December 26, 1999
The best prescription for our ailing medicare is in Europe, not the U.S.
By Nancy Faraday-Smith
Canadians have an exaggerated fear of proposed changes to our medicare system. We automatically assume that any alternative to the status quo will inevitably lead to the Americanization of health care delivery in Canada. Yet this blinds us to the many constructive reforms to publicly-financed health care that Europeans have introduced in recent years in response to the same sort of challenges our home grown medicare faces.
Perhaps we’ve been watching too many episodes of ER or Chicago Hope. Perhaps, as David Gratzer, author of Code Blue, an important new book about health care reform in Canada, notes, we cling to something that we do better than them. Whatever the reason, it’s time to give up our obsessive fear of evolving into an American style health care system if we adopt any changes at all. We can all agree that the U.S. system is one we do not want, so why do all attempts at change meet the facile charge of importing American values into Canada? There are other health care systems throughout the world that can and should be used as models for our own. That is where there are valuable lessons for Canadians to learn about universal health care that really works but doesn’t break the bank.
Popular media and many politicians simplify the health care debate into one of “the state vs. the market”. But that kind of unsophisticated argument implies that there is a single, simple market design that would replace the public model. Nothing could be further from the truth. One only need look at the health care reforms in Western Europe as an example to realize the complex, wide range of delivery options available. Countries there have introduced market-driven arrangements into a number of different health care sub-sectors. They have developed hybrids of private and public sector participation to suit their own particular needs and priorities.
In Sweden, health care coverage is universal although the government has devolved responsibility for tax-based financing to their local counties. In turn, the local counties have sought to contain costs by experimenting with internal markets – allowing competition among health care providers. The result has been an improvement in health care efficiency. Overall, the Swedish government spends less on health care, as a percentage of GDP, than Canada, yet has a much better record in measures such as infant mortality, and hospital beds and physicians per 1000 population.
In Britain, there is a similar separation of purchasers and providers. New arrangements have essentially made district health authorities (DHAs) and general practitioners responsible for purchasing medical services on behalf of patients in their local communities. This has prompted the DHAs and doctors to get the most competitive prices from other providers, such as hospitals. It has also forced those other providers to become more competitive both in terms of price and quality of services offered. Important improvements in Britain include a substantial decrease in waiting times
Switzerland is different again from Canada, Sweden, and Britain in that it funds health care through a health insurance system rather than through taxes. Ninety-nine percent of Swiss are insured under this model. Health insurance funds are non-profit companies that have to operate under stringent government regulations. Because individuals can choose among funds, insurance companies must compete with one another to attract clients. The introduction of markets in this sub-sector has successfully improved efficiency while maintaining universal coverage.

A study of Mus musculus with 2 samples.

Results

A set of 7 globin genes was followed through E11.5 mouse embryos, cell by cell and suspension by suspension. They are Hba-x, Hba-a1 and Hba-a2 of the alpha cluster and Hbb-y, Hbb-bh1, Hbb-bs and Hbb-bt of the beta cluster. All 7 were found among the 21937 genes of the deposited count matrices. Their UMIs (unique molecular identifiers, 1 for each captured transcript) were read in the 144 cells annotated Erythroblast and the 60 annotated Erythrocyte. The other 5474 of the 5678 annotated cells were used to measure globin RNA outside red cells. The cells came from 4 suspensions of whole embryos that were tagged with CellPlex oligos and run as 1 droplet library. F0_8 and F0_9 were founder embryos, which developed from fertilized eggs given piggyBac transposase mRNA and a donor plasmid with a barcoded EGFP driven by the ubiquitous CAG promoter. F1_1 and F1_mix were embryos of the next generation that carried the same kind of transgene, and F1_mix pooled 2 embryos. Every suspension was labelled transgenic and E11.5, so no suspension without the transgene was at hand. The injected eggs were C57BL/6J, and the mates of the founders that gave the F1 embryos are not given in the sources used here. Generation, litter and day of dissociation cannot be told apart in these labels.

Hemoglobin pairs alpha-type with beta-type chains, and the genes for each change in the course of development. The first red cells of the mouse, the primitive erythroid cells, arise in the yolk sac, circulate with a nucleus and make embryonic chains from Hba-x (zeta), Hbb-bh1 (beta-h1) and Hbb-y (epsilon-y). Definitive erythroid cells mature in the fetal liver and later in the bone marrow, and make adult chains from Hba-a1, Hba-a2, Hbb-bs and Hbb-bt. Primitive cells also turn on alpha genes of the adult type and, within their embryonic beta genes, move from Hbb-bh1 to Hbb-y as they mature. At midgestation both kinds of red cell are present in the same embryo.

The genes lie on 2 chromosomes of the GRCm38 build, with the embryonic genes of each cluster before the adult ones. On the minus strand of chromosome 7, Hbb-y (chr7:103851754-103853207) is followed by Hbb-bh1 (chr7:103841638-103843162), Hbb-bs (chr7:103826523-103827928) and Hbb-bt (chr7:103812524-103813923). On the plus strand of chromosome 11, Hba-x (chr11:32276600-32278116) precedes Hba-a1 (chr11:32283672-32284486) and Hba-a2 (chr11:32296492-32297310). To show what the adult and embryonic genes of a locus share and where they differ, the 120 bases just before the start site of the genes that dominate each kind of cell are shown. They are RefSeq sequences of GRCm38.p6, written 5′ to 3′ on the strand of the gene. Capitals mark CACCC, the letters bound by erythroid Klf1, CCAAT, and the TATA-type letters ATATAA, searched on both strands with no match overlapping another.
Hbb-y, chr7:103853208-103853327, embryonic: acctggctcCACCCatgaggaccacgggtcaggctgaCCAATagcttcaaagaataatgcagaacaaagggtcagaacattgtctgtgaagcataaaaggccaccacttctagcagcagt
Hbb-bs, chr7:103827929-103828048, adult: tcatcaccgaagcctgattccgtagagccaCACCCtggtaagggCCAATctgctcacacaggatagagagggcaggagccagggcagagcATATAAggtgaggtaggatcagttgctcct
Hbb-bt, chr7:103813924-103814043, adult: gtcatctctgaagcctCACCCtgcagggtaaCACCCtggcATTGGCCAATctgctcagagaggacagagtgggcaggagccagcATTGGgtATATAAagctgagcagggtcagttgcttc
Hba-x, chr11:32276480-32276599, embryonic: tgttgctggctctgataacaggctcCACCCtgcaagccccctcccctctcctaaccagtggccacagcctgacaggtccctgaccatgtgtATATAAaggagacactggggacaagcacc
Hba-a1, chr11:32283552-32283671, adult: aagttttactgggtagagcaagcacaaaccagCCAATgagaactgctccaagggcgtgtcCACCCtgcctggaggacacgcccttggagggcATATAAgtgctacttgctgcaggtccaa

These examples provide just a sample of the health sector reforms that have been seen in Europe over the past decade. But they illustrate clearly the ability of countries to introduce change without emulating the American health care system. In general, those countries that have introduced market incentives into their health sectors note a higher degree of patient satisfaction and more cost-conscious decisions on the part of doctors. We desperately need those kinds of improvements here in Canada.
In a recent paper that I co-authored entitled Operating in the Dark, we stated what many within the medicare and political establishments know but will not say: the system will face repeated crises in the next 10-20 years if we don’t find a more efficient and effective way to deliver its many services. Concerns for and dissatisfaction with health care in Canada will only escalate under the current system. Remedying this requires greater competition and private sector participation in our health care sector. We should be exploring today the potential for adopting more market-based incentives into appropriate health care services.
We could, for example, look at alternative delivery or cost sharing arrangements in a host of areas such as support and hospitality services, labs and clinics, or certain surgical services. We could develop ways to make bureaucrats, hospitals and doctors more competitive and cost-conscious. The current reality demands that we find a way to make our health care dollars go further. By not acting now, we get perilously close to being too late for any of these reforms to make the kind of difference that has been achieved in Europe.
As the wave of economic and demographic pressures grows ever larger, the health care debate remains mired in the Americanization threat. We must seek higher ground in our discussions on health care reform and look beyond the U.S. to the innovative systems and solutions that have so benefited other countries without sacrificing fairness.
Nancy Faraday-Smith is a Policy Analyst at the Atlantic Institute for Market Studies, a public policy think tank based in Halifax.